In the Middle East, dance and music are inseparable from daily life, a vital part of virtually all celebrations and family gatherings. In the belly dance performance, the dancer actually “becomes” the music through movements of the torso, hips, and arms. Habiba will trace the long history of the dance and invite the audience to participate in some basic movements.
Habiba is internationally recognized as a performer, choreographer, teacher and lecturer on dances of the Middle East. She has performed extensively throughout the United States and abroad in nightclubs and on concert stages. She is a leading researcher of the dances of Egypt and Tunisia and teaches belly dance as well as the traditional folkloric dances that have been performed and passed down for many years. As a result of her fieldwork she has published numerous articles for national dance magazines.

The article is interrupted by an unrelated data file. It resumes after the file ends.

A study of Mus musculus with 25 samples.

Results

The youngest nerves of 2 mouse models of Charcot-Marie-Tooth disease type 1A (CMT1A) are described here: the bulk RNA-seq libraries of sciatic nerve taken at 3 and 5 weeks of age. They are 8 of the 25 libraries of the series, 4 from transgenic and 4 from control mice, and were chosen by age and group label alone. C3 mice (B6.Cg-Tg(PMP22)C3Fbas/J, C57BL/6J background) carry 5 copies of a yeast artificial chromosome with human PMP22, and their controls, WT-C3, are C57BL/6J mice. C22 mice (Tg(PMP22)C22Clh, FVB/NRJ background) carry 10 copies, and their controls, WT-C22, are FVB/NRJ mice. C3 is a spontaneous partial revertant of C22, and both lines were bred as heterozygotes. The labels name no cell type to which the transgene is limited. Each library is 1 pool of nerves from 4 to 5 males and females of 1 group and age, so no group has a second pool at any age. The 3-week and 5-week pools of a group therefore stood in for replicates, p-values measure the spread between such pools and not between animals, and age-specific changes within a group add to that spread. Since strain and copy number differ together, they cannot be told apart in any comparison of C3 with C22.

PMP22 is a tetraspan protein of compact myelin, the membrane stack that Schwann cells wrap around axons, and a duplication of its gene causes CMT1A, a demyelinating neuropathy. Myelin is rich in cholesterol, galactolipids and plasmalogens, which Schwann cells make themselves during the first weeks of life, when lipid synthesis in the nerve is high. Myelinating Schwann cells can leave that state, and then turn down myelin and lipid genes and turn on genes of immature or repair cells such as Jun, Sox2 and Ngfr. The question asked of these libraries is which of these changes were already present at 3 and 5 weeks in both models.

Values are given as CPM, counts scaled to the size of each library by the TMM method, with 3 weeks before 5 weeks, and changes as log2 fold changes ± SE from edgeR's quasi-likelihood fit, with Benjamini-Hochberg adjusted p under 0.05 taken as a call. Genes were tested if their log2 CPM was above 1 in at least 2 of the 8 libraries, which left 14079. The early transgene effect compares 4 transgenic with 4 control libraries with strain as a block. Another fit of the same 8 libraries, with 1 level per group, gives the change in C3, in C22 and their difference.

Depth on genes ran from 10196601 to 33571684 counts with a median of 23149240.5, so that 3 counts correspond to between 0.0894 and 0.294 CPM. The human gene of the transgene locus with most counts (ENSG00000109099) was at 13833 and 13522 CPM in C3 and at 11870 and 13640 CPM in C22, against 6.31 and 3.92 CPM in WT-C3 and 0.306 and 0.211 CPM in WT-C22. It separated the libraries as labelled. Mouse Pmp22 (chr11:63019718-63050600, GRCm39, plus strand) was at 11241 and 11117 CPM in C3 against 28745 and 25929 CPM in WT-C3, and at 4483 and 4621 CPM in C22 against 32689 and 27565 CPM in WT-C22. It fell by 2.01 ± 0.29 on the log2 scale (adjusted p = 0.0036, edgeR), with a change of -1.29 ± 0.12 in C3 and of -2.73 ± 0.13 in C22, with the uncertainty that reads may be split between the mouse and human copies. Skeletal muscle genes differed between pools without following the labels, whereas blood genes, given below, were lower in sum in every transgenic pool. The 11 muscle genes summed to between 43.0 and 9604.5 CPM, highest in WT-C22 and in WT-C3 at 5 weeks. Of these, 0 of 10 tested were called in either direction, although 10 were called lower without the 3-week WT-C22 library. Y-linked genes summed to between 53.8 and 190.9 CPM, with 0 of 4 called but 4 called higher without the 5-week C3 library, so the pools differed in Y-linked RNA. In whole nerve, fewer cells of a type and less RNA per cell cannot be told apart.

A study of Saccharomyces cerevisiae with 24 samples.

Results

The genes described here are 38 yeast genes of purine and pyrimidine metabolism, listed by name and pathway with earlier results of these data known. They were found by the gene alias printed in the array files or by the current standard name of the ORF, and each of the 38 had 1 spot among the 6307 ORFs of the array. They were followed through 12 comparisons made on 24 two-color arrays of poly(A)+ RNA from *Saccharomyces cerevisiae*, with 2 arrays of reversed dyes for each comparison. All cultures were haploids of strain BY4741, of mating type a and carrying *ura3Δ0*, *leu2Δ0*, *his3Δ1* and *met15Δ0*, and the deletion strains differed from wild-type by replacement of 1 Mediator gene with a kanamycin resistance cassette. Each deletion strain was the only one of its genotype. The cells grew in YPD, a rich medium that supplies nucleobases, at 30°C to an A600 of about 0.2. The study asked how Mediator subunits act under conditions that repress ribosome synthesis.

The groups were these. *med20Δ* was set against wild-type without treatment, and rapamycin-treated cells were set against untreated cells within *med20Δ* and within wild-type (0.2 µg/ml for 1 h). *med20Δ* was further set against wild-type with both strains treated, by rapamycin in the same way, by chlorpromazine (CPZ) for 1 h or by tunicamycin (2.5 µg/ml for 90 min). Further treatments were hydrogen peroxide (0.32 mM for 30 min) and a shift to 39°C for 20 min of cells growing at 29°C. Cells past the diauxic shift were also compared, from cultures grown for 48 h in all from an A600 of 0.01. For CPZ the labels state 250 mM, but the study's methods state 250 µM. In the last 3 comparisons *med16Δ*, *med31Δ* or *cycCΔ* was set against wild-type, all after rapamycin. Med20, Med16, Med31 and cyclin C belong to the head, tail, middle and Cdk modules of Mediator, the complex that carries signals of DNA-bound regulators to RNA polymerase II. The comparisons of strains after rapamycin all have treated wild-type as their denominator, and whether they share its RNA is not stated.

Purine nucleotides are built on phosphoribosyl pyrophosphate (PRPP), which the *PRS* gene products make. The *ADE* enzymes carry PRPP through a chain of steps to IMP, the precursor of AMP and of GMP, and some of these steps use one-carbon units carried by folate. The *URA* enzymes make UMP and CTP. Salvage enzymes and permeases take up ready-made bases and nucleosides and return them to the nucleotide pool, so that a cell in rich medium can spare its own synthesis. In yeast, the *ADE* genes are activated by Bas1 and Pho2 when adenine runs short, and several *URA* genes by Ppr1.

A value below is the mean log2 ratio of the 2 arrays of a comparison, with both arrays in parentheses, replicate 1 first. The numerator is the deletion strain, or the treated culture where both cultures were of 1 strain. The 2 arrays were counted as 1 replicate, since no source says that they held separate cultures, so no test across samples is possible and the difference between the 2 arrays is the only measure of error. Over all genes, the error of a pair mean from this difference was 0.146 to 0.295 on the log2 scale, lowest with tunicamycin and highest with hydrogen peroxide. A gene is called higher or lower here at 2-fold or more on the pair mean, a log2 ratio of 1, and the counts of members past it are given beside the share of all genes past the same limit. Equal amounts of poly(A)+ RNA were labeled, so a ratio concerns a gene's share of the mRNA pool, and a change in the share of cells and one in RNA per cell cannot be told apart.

To learn more, visit: www.habibastudio.com
This event is free to the public. The Museum for Art in Wood interprets, nurtures, and champions creative engagement and expansion of art, craft, and design in wood to enhance the public’s understanding and appreciation of it. A suggested donation of $5 per person enables us to provide programs and exhibitions throughout the year.
Questions? Please contact Katie Sorenson, Director of Outreach and Communications, at [email protected].
To learn more about The Mashrabiya Project and Seeing Through Space, click HERE.
The Mashrabiya Project has been supported by The Pew Center for Arts & Heritage.
Special thanks go to:
Rockler Tools for in-kind support
The exhibition program at the Museum is generously supported by members of the Cambium Giving Society of the Museum for Art in Wood, the Bresler Foundation, Pennsylvania Council on the Arts, Philadelphia Cultural Fund, William Penn Foundation, and Windgate Foundation.
Corporate support is provided by Boomerang, Inc. and Sun-Lite Corporation.